Harold Evans on Israel's Challenges from the United Nations to the J Street Lobby

What would Israel's critics have the country do?


The second assault, which may yet be the more difficult for Israel, is from its own friends in the United States—from Jewish liberals. Upset by what they characterize as the unthinking knee-jerk support of everything Israel does, epitomized in their eyes by the American Israel Public Affairs Committee, the liberals have formed a lobby of their own named after J Street (a street that does not exist in Washington). They recently held their first conference. Most members of Congress gave it a miss, but the Obama administration blessed it by sending Gen. James Jones, the national security adviser.

Who could argue with J Street's call for "peace and a two-nation solution"? Israel itself has now formally accepted that there may be an independent state of Palestine, partly based on occupied land Israel will have to yield. Its leaders—even its much-denounced new right-wing government—acknowledge that Palestinians suffer humiliations. Israel is ready to negotiate in earnest with a stable Palestinian leadership. It's the Palestinian leadership that is letting down its people by obduracy. Long-corrupt Fatah on the West Bank is working sensibly with Israel to improve security, but Hamas, controlling Gaza, is still dedicated to the extermination of the Jewish people. Hamas rejects Fatah calls for a new election for the good reason that the people of Gaza are sickened by violence.

The J Street lobby, for all its good intentions, is not much help. Take Goldstone and the Gaza war. If Goldstone wins the gold medal for moral equivalence, J Street's Isaac Luria must win a crown for circumlocution. Here is what he said about Gaza: "While there is nothing 'right' in raining rockets on Israeli families or dispatching suicide bombers, there is nothing 'right' in punishing a million and a half already suffering Gazans for the actions of the extremists among them."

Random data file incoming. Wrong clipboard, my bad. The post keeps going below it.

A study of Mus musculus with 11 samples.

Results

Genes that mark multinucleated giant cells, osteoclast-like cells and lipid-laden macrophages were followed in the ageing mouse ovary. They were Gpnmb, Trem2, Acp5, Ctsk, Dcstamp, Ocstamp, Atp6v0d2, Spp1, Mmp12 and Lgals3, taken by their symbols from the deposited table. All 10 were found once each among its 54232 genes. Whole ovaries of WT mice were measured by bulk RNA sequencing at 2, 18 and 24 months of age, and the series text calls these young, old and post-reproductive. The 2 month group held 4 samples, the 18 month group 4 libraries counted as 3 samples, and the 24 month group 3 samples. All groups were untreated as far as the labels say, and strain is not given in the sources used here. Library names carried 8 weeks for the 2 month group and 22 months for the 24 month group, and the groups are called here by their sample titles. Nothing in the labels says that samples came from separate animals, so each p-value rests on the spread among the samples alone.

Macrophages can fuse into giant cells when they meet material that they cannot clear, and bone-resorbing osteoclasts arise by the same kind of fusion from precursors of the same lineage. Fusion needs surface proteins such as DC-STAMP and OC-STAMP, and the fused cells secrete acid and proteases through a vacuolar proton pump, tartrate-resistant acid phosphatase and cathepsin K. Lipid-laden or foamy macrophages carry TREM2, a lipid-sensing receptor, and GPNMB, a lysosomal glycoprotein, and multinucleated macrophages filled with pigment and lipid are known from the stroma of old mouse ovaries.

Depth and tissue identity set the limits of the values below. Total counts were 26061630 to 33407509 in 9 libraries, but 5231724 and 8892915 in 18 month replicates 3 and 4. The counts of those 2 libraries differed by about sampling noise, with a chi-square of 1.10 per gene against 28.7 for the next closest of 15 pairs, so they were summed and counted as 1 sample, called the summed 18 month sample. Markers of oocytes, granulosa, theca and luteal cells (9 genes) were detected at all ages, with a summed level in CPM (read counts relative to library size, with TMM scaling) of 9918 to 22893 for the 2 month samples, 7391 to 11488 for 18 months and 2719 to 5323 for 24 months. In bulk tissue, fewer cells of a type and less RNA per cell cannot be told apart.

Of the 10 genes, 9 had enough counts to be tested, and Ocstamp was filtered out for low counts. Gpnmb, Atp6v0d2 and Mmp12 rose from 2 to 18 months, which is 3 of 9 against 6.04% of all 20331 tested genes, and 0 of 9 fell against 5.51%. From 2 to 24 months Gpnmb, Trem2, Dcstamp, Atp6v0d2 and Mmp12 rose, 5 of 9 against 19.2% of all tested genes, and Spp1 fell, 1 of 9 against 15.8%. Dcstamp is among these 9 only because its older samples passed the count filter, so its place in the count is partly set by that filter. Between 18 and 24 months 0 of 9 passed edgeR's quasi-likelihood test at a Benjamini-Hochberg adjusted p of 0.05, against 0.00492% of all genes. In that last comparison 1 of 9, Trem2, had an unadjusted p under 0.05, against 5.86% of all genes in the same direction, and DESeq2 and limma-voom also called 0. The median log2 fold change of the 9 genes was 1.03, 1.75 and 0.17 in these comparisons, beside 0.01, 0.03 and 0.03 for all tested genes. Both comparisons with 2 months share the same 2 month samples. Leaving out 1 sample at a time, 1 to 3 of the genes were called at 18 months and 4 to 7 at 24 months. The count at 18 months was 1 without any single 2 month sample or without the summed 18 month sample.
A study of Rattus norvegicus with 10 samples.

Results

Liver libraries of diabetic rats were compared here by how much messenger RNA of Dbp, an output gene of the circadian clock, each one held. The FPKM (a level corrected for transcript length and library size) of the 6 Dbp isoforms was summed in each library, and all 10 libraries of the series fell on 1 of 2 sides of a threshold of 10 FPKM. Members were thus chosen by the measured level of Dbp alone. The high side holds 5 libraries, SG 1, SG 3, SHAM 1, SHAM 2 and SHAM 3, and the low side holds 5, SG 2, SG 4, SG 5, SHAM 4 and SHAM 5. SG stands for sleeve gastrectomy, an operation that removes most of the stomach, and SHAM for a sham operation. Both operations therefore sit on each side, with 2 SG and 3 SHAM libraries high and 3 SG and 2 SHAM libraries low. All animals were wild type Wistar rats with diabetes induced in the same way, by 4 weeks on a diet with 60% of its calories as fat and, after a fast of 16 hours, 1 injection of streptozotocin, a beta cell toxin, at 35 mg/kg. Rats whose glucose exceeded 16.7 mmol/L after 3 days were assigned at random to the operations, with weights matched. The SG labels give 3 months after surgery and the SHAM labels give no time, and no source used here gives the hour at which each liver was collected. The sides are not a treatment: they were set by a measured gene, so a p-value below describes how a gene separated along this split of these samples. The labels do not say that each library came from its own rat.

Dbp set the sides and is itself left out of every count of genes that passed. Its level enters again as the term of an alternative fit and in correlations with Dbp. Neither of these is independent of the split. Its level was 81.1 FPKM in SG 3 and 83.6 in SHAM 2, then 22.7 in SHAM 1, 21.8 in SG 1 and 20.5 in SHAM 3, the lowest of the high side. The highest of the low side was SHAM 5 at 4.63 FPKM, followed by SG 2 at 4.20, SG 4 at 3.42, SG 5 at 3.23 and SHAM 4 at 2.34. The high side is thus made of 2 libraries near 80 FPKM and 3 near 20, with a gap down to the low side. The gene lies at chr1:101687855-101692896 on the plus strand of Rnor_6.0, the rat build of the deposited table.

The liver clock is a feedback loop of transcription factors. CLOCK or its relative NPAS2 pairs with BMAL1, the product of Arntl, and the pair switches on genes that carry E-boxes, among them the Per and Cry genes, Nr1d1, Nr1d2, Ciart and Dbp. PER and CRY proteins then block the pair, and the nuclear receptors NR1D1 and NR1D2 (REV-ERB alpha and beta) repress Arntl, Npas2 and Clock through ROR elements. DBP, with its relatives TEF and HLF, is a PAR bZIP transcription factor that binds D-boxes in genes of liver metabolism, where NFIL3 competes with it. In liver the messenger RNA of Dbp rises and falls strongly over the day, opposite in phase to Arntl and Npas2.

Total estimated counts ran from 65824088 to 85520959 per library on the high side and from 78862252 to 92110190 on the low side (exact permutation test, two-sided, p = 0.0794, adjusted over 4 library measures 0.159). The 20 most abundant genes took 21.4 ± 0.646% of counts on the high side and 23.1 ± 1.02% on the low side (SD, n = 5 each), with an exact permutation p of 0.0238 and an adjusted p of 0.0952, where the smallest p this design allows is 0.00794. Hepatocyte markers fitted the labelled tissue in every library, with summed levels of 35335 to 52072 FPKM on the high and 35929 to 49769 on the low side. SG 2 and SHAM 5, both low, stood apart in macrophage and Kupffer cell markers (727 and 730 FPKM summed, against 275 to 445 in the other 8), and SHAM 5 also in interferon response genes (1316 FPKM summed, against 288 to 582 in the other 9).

Agreed. So what? What would Luria and others who speak as he does have the Israelis do?

The Hamas rockets were war crimes and ought to have been universally condemned as such. Would the J Street lobby have stayed on its perch, as the rest of the world did? While new rockets hit Israel over many months, there was no rush by the world's moralizers to pass censure on Hamas, none of the urgency that we saw from "world opinion" when Israel finally responded. Then Israel was immediately accused of a "disproportionate" response without anyone thinking, "Now, what is a 'proportionate' response against an enemy dedicated to exterminating your people?" A dedication to exterminating all of his?

Israel risked its own forces by imposing unprecedented restraint. In personal testimony volunteered to the Human Rights Council (and ignored), British Col. Richard Kemp, a former commander in Bosnia and Afghanistan, stated: "The Israeli Defense Forces did more to safeguard the rights of civilians in a combat zone than any other army in the history of warfare." Indeed, the "collateral damage" was less than the NATO allies inflicted on the Bosnians in the conflict with Yugoslavia.

No doubt there were blunders. A defensive war is still a war, with all its suffering and destruction. But Hamas compounded its original war crime with another. It held its own people hostage. It used them as human shields. It regarded every (accidental) death as another bullet in the propaganda war.

There is an air of unreality about the J Street lobby: hope engendered by amnesia.

The Israeli withdrawal was a wonderful chance for Gaza to be the building block of a new Palestinian state. Hamas had a chance to do what the Israelis did—take a piece of land and build a model state. It didn't. Instead of helping the desperate Palestinians, Hamas conducted a religious war. Israel withdrawal was rewarded with missile attacks.

And what do J Street's lobbyists think about the way Hamas plundered the greenhouses left by the Israelis that might have been a foundation for new Palestinian businesses? When Hamas took control of Gaza by violence, it didn't do anything for the desperate Palestinians. Millions of dollars of international aid money was diverted to circumvent the U.N. and dig hundreds of tunnels, bringing in material for rockets. Before the Gaza war began, thousands of rockets had landed.